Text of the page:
SHAMED BY a scandal over its reporting, the British Broadcasting Corp. is sending its reporters back to school. Among other things, they reportedly will be required to learn shorthand so that quotations on the venerable network will be accurately rendered.
They needn't come to the United States, though. Shorthand as a school subject mostly disappeared in the early 1990s.
There are still some courses taught in adult education, but you'll have to look hard to find one in high schools or even at places such as Villa Julie College, which once turned out a steady supply of highly trained secretaries who could accurately take down the words of a boss in shorthand and translate them into impeccable English.
Veteran business teachers can write the obit for shorthand.
"It happened just about when I retired in 1992," says Margaret Metz, who taught business at Bel Air High School for 24 years. "Shorthand was done in by the computer and a decline in the need for secretaries."
Suzanne Hawk, who retired in 1999 as a Harford County business teacher, writes recipes and telephone notes in shorthand "so I know I'll have it right." She uses the same method invented by the Irishman John Robert Gregg in 1888 and refined several times over 116 years.
"Shorthand is basically a foreign language," says Hawk, who lives in Forest Hill, "and it takes a year and a half or two years to become really expert. Students didn't want to devote an hour each evening to shorthand homework."
In her day, says Hawk, women's career choices were basically three: teacher, nurse or secretary. "Today, there are so many more opportunities, and the role of the secretary has changed completely."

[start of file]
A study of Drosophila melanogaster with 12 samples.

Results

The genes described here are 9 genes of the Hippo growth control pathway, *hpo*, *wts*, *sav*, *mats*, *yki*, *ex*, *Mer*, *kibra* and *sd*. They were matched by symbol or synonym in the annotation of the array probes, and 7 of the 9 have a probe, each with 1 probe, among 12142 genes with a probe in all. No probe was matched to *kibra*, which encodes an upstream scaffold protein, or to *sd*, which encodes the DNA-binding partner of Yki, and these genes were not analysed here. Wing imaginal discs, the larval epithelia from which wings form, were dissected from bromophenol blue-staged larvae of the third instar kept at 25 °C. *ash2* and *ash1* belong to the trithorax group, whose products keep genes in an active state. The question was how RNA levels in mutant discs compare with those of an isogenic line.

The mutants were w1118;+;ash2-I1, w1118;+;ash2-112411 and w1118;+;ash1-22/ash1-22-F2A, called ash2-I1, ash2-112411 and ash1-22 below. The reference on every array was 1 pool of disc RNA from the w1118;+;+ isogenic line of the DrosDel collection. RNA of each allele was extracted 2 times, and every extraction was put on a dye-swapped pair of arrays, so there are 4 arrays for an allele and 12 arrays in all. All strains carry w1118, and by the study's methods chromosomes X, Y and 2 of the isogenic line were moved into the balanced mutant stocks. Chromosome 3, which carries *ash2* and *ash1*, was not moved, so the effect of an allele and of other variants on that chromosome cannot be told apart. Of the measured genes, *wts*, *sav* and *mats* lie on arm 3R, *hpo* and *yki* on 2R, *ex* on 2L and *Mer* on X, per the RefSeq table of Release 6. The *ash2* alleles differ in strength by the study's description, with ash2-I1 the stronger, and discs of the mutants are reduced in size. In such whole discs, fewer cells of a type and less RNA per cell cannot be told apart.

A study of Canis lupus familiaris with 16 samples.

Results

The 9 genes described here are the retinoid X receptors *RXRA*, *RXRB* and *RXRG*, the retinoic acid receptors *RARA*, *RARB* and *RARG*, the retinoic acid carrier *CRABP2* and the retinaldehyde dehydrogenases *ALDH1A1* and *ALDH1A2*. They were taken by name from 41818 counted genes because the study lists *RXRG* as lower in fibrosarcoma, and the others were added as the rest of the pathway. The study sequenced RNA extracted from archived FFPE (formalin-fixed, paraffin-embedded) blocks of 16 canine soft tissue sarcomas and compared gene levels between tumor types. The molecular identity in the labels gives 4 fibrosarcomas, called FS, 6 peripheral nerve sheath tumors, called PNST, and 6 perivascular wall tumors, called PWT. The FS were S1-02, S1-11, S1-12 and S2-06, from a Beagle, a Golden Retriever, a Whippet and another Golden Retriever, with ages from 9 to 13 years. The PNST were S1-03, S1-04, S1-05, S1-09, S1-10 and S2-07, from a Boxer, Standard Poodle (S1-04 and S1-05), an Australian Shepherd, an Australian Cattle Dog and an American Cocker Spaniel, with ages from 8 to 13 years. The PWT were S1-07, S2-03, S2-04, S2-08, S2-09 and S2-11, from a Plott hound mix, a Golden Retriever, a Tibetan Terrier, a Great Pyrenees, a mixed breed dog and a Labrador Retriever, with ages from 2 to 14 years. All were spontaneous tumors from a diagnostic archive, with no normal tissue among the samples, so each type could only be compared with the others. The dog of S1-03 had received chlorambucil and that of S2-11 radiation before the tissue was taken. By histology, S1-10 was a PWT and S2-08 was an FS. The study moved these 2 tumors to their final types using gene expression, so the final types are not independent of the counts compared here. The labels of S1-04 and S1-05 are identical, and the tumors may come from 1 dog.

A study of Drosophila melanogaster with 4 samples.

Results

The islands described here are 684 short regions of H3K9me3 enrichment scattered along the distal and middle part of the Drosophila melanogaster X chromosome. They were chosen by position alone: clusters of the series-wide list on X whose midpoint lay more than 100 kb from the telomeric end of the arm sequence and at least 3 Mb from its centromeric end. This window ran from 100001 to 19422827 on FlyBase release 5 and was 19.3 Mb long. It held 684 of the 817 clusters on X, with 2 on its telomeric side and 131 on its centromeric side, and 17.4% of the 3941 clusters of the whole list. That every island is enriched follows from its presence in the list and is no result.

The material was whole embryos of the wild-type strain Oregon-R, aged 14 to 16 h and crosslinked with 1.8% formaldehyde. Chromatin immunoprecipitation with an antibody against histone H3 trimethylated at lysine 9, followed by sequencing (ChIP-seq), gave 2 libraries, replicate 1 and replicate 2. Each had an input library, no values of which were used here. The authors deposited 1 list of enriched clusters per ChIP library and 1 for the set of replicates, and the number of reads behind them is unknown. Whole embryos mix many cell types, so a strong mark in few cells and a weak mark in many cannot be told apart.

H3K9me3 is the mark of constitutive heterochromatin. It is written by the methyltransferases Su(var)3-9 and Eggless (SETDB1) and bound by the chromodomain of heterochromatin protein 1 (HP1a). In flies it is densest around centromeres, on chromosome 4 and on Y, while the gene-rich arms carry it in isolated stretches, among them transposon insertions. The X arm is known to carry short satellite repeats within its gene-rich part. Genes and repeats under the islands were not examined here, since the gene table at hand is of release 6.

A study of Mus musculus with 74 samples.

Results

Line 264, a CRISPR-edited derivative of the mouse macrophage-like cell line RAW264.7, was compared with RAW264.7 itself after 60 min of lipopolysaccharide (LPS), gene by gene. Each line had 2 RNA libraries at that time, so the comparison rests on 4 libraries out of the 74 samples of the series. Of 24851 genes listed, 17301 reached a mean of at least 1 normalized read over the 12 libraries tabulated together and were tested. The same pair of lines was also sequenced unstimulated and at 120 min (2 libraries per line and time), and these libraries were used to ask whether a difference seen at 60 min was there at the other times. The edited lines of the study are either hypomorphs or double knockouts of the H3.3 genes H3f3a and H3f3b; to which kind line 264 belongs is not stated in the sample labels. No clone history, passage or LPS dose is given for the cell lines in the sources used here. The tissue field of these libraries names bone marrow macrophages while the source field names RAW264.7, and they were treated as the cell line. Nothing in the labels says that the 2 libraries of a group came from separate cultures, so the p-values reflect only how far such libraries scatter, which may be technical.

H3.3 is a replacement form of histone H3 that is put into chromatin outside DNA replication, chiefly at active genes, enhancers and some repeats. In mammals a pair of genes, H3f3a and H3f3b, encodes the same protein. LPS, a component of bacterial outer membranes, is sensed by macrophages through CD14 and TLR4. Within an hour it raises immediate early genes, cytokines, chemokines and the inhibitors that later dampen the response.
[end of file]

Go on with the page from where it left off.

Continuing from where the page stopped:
When bosses could keyboard their own correspondence and then spell-check it, there was no longer a need for a stenographer or secretary trained in shorthand. Meanwhile, newspapers, courts and other enterprises that require stenography turned to voice recorders that could instantly produce readable text.
Hawk says one of shorthand's advantages is that it teaches grammar, spelling and punctuation. "It's particularly good at teaching where to put commas. My students used to call me the comma queen."
The demise of shorthand is nothing short of tragic, says Marc Semler, a database manager for Montclair State University in New Jersey. Semler, who taught himself shorthand, is trying to breathe life into a corpse that's awfully cold.
"Shorthand helps people think and write," he says. "And it's the only way to accurately take down what people say. Tape recorder batteries fail, tape breaks. Even a good typist can't get it all down."
The normal speaking rate is about 140 words per minute, Stemler says. People trained in shorthand can maintain that rate with complete accuracy, he says. Those who try to do it in longhand -- writing down most words -- can't do more than 30 words a minute."
Semler, a former secretary, concedes that it's "a little weird" that he's been fascinated by shorthand since junior high school. One day he came across his mother's Gregg textbook and thought the shorthand language "looked like a code. I was fascinated by codes, and it seemed a nifty way to write."
He had to learn shorthand secretively, though. It was a girl thing at 13.
At Bucknell University, Semler says, "It was shorthand that taught me how to write. I liken the symbol system of shorthand to computer language. Many people are good at both, and many of these same people are calligraphers," practitioners of artistic handwriting.
In college, fellow students would come to Semler to check their lecture notes. "I had the best notes in college, complete notes."
Semler has a Web site (www.geocities.com/shorthand shorthandshorthand) on which he discusses the dozens of shorthand and speed-writing methods, offers tips for learning the languages, lists shorthand-related items for sale and provides links to related sites.
"People need shorthand today more than ever," Semler says. "I'm getting requests from reporters, students, people writing books, people who need to take notes for whatever reason."
One ancient note-taker, I learned from Semler's Web site, was Roman orator Cicero's secretary, Tiro, who used an ancient form of shorthand to record his boss' speeches for posterity.